Monday, November 07, 2005

Dan Drezner on Academic Tenure

Via Pharyngula: Dan Drezner, an acadmic who also has an A-list blog, is joining Tufts next year.

Well, what is so great about it? Earlier, he was at Chicago in a tenure track position, where he was denied tenure about a month ago. The 'denial-of-tenure' caused much heartburn among academics with blogs, and there was quite a bit of discussion. If you can read only one of them, I would suggest the last one, by Sean Carroll, a physicist who was denied tenure at (the same) Chicago several months ago; Sean is in Physics, and Dan Drezner is in Political Science.

In a recent post Drezner talks about his move to Tufts; more importantly, towards the end of his post, he also demolishes a few myths about the tenure system. After conceding the point that tenure equals lifetime employment, he goes on to provide some sobering facts of academic life in the US. He makes the following points:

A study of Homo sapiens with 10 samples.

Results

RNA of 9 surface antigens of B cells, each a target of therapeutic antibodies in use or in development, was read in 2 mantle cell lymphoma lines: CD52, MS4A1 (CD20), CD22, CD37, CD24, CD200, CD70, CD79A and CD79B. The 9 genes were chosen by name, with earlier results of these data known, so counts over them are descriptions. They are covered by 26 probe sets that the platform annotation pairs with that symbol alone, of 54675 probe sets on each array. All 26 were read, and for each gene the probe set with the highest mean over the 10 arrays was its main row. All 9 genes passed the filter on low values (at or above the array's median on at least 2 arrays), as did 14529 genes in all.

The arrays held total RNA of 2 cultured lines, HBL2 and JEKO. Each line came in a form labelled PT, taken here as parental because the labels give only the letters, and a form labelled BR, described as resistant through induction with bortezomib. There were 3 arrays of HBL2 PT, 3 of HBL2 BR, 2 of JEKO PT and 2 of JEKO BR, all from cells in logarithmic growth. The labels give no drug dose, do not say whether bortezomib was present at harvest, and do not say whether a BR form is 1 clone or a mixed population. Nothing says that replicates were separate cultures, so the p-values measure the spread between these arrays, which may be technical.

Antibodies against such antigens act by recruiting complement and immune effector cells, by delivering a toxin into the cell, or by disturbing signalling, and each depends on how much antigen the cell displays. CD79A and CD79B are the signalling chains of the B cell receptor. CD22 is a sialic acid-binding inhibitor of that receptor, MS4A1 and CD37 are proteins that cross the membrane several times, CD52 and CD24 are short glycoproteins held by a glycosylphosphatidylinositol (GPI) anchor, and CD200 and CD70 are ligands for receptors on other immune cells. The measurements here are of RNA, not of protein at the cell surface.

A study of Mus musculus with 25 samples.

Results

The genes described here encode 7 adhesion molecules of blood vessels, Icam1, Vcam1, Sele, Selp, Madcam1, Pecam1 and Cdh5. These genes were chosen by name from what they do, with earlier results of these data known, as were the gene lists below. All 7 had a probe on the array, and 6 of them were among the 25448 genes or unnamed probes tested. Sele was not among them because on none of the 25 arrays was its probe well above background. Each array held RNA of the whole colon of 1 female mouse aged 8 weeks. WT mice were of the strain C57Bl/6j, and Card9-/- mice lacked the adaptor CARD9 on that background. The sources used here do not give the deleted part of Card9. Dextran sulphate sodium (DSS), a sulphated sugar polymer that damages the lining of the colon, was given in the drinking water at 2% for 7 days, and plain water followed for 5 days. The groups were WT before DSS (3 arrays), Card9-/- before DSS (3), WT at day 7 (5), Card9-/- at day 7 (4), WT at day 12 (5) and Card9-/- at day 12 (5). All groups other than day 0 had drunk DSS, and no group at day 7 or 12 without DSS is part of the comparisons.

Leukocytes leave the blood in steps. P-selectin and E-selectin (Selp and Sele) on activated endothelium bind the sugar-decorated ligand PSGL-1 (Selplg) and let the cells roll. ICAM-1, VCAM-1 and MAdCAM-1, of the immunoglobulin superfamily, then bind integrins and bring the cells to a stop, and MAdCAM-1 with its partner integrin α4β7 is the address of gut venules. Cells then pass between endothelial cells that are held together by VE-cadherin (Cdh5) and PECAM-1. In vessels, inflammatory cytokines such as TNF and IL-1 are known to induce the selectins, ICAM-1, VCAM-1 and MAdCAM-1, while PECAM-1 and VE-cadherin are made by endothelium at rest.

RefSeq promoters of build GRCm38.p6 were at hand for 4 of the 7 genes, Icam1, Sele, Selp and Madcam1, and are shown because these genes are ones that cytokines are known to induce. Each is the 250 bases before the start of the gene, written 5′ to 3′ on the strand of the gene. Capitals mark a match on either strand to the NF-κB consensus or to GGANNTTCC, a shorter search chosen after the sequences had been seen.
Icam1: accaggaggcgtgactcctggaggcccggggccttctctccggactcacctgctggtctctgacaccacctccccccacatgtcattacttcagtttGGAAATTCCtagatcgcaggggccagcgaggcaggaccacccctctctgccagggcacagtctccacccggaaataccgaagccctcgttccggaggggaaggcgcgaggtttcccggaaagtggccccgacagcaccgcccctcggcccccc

1) Compared to other professions that require equivalent education, academics earn lower wages. This is clearly a choice for many of economic security and a more flexible work schedule over increased income. But it is a choice with real economic costs.

2) It's not like getting a tenured position at a top-drawer school is the easiest thing to do in the world. You have to get accepted into a good Ph.D. program, write an excellent dissertation, demonstrate an ability to generate research of high quality and quantity, and trust your luck that these skills will be recognized by your senior colleagues inside and outside your university.

3) I can't stress this enough -- a professor's wage is almost entirely determined by the market. Yearly raises in our profession range from infinitessimal to nonexistent. The only way to earn big raises is to demonstrate our value to the outside market by getting a competing job offer. That's about as real as you can get in terms of the wage structure.